The North Wind


Students protest against Israel-Hamas war with campus encampment
Students protest against Israel-Hamas war with campus encampment
Dallas WiertellaApril 30, 2024

Natural storms are the new norm

Natural storms are the new norm

The tumultuous winds and torrential rains that racked the shores and communities of our neck of the woods Tuesday were heightened, if not irregular, weather patterns for this time of year. To most people, 40 mph winds and 24 consecutive hours of rain probably seemed like natural disaster level conditions.

I hadn’t experienced an environment like that before, at least not in this state, and my unfamiliarity with it did conjure a feeling of world-ending anxiety,  but it didn’t cause natural disaster level damages.

Meteorologically, the gale force storm qualifies as a natural process, but less so as a natural disaster. It’s tragic that citizens were swept off Black Rocks and peninsula-wide power outages are unfortunate, but, relatively speaking, the harm done wasn’t that bad—flooding was minimal and downed trees were manageable.

Neither peninsula of our Midwestern state is known for experiencing natural disasters. Sure, an anomalous tornado may touch down, or abnormal flooding might occur, but this isn’t a hotspot in Tornado Alley nor a home for hurricanes.


However, considering the recently extinguished wildfires in California, which killed more than 20 people and destroyed over 5,000 homes and structures, life could be worse, much worse. Fortunately, for those in the U.P., it isn’t.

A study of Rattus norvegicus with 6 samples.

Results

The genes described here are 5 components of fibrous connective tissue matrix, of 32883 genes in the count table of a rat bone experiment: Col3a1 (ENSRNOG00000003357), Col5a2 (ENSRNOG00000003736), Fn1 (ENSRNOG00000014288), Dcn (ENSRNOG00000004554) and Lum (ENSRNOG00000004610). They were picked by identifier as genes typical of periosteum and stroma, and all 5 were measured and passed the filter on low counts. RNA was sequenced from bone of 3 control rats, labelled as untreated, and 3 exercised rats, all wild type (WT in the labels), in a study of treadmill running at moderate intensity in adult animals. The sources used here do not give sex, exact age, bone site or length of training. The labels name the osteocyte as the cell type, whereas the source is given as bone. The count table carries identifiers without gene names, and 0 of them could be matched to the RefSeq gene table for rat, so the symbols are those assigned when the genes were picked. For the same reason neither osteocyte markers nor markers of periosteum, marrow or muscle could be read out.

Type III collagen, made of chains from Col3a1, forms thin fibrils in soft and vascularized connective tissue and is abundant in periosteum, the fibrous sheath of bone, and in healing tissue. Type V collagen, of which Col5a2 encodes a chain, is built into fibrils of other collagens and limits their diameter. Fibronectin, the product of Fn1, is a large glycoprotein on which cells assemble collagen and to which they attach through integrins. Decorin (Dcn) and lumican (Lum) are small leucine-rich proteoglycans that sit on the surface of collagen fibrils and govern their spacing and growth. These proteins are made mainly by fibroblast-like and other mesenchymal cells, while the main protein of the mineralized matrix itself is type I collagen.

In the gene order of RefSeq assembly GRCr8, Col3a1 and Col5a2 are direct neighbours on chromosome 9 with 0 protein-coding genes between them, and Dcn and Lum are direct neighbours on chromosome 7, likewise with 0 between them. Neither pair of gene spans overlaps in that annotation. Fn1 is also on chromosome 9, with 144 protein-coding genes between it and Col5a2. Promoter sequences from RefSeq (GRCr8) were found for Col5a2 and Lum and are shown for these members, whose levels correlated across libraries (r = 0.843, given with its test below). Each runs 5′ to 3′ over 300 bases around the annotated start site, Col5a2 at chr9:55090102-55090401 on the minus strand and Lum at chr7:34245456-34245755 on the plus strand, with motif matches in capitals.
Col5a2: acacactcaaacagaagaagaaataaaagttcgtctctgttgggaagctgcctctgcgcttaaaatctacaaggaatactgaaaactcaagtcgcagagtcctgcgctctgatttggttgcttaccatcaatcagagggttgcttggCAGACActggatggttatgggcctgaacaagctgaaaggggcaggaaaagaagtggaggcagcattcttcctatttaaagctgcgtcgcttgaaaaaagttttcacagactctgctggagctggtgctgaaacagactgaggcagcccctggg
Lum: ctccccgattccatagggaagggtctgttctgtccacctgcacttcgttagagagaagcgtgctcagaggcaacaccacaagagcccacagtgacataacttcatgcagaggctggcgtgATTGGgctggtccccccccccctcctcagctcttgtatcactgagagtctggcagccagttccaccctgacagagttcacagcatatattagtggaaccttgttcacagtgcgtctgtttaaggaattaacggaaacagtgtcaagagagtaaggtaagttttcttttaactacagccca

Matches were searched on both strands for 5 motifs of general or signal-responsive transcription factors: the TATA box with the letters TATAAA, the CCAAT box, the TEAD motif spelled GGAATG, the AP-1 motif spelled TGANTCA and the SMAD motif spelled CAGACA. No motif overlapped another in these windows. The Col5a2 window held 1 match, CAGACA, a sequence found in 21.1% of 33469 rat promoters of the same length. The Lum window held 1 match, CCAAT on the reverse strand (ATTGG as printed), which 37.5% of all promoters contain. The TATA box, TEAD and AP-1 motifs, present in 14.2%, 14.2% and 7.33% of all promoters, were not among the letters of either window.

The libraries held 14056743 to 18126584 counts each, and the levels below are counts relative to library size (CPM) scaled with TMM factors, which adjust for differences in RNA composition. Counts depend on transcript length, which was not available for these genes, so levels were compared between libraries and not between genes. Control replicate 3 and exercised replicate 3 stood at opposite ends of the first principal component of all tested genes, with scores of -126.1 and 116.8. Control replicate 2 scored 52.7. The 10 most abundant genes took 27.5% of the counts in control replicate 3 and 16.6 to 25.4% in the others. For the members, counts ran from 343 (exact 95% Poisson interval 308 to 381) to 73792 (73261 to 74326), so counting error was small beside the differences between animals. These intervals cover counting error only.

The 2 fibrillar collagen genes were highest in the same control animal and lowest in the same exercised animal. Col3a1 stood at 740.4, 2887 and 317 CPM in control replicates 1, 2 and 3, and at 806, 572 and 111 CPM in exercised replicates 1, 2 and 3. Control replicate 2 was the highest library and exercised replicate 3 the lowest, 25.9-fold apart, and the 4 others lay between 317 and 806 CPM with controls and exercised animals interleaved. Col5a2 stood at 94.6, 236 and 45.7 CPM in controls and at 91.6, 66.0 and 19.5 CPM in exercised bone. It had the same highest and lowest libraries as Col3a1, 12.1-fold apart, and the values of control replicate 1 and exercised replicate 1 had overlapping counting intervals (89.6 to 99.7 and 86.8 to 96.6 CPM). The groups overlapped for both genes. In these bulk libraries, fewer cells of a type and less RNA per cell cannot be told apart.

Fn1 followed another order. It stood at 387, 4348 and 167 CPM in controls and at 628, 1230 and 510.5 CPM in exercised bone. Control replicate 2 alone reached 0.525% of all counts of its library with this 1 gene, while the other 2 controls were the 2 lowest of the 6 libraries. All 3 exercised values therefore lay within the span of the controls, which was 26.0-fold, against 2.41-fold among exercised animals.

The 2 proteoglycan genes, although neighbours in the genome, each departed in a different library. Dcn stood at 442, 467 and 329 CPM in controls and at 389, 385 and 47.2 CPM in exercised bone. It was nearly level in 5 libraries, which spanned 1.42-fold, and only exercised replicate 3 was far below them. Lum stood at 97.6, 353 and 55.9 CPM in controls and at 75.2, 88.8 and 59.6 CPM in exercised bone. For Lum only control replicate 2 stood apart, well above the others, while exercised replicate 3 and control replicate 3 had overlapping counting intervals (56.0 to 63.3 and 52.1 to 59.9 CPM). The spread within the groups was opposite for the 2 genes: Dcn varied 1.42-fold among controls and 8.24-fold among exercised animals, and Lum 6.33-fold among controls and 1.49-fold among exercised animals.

California’s fires were the most destructive in the state’s history, and Tuesday’s storm may have been “worse than the one that sunk the Edmund Fitzgerald.”
Although the two disasters differ in objective intensity, they’re similar in one way: people.

When a community is centralized in an area prone to natural processes—hurricanes, earthquakes, avalanches and the like—their effects become more serious due to population distribution and infrastructure planning.

Simply, building in a floodplain or at the base of a mountain will result in exponential destruction. Interminable rain and inevitable avalanches become natural disasters when people live in the path of the natural process.

Yet, there’s a certain ignorance toward positional planning and the amplified impact on a population from a natural process. Why would a city be centered on a fault line? Perhaps specialized technology and disaster theory didn’t exist in the time of certain communities’ origins.

Despite this, the continuous development of a population at risk of a patterned natural disaster seems foolish. An earthquake isn’t preventable and a whole island can’t be moved to avoid a hurricane, but their fated forces can be prepared for.

As weather and climate become increasingly uncharacteristic, being able to adapt to more frequent natural processes and atypical patterns is essential for established populations to be sustained.

While we wait for technology to catch up to the unforeseeability of storms, we should be aware of their potential for devastation and be empathetic of those affected.

The real estate cliché “location, location, location” appropriately applies here: don’t unknowingly live in a location primed for natural disaster. If you do, then don’t be surprised by the destruction, or at least, be conscious of its possibility.